10 Dec 2015

There’s nothing quite like seeing a little child bursting out of their skin with excitement. The jumping up and down and the squealing with delight is quite a sight to behold.

My five-year-old daughter recently exhibited such behaviours in anticipation of her little brother’s second birthday. He’s still a little too young to properly understand what it’s all about, but it didn’t stop her from being thrilled for him. She was counting down the days with wide eyes and delightful questions about the presents that awaited him and how we might mark the occasion.

Before dawn on the big day she came running into our bedroom asking if we could wake him up so he could open his presents. Looking at the face of this little girl with such a heightened sense of anticipation was a beautiful thing.

To see her anticipate something with such vitality and fullness of spirit forced me into a moment of self-reflection. I asked myself: “When was the last time you felt that way about anything?”

It was a good question and one that I suspect might stump your average Aussie adult. Maybe you have to go back as far as being a kid waiting for Christmas to conjure up such a memory?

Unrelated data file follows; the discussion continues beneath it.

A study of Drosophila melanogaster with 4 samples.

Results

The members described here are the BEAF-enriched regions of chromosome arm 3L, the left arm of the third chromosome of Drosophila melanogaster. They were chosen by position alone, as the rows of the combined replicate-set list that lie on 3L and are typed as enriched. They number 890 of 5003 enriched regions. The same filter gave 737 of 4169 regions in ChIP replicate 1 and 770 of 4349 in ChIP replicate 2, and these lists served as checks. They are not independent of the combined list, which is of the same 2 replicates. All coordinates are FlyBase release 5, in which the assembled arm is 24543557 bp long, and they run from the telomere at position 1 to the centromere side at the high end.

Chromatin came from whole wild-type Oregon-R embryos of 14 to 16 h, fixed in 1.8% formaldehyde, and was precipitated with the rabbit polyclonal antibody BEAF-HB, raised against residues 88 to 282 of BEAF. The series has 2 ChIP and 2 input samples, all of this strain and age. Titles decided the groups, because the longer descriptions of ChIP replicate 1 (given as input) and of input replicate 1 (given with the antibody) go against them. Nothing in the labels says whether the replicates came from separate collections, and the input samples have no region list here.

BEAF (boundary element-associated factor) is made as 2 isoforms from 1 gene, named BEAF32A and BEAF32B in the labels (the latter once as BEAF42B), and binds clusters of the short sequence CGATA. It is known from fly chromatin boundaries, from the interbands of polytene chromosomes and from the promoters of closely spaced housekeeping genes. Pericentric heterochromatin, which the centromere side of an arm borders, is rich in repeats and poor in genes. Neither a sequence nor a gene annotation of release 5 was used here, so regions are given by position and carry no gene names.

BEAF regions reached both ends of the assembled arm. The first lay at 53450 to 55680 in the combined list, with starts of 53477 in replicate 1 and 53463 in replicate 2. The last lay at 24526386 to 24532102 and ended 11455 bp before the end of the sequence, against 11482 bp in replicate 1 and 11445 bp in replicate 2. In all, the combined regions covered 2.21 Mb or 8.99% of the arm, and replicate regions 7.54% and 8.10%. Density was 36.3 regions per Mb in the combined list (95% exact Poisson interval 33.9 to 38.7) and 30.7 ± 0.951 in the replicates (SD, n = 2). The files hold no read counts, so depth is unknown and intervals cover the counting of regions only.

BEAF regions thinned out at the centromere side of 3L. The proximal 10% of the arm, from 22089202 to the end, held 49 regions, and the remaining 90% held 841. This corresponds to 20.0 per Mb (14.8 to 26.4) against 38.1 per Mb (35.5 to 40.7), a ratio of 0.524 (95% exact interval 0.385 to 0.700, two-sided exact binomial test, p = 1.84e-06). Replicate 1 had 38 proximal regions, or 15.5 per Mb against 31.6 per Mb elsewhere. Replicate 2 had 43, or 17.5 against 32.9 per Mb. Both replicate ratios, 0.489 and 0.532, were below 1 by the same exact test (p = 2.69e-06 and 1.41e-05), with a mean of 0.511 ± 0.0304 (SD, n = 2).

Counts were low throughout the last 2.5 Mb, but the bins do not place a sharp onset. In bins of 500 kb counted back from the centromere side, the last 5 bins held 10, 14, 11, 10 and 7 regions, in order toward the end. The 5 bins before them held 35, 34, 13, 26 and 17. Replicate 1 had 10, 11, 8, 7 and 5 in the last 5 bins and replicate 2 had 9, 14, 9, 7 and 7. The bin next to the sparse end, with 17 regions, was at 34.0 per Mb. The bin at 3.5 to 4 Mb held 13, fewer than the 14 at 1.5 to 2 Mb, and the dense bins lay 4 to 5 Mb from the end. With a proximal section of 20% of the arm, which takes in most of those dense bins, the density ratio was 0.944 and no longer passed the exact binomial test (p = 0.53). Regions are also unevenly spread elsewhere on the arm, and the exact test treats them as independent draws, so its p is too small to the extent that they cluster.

Studying toy catalogues, begging your parents and then shaking the boxes under the tree is quite the Advent tradition and it’s entirely appropriate from a spiritual perspective because Advent is a season of anticipation. But how can we grownups get excited about Jesus coming into our lives at Christmas? How can we feel the excitement that I saw in my daughter’s eyes about the birthday of another?

To be honest, I don’t think anything’s going to do it for me. In reality, the busyness of life, with its never ending to-do-lists, will probably keep me from even coming close to joyful anticipation. Another Advent and Christmas will come and go and that will be that. Perhaps you can relate to that sentiment.  

But you know what? It doesn’t matter!

It doesn’t matter how I feel or how you feel – or how excited we are about Jesus coming at Christmas. It doesn’t matter because Jesus comes anyway.

Jesus, God’s only son – the saviour of the world – came to earth as a little baby precisely because we’re preoccupied, too busy, too inward looking to gaze with any permanency toward the divine.

This Advent and Christmas, don’t worry if your experience is like that of my two-year-old son – not really sure how to anticipate the birthday and not really sure what it’s all about – but even so, still being there, opening the gifts, and responding with joy.

Like a toddler at Christmas, you too are free to just open the box, to see the gift that is the baby Jesus, and to smile.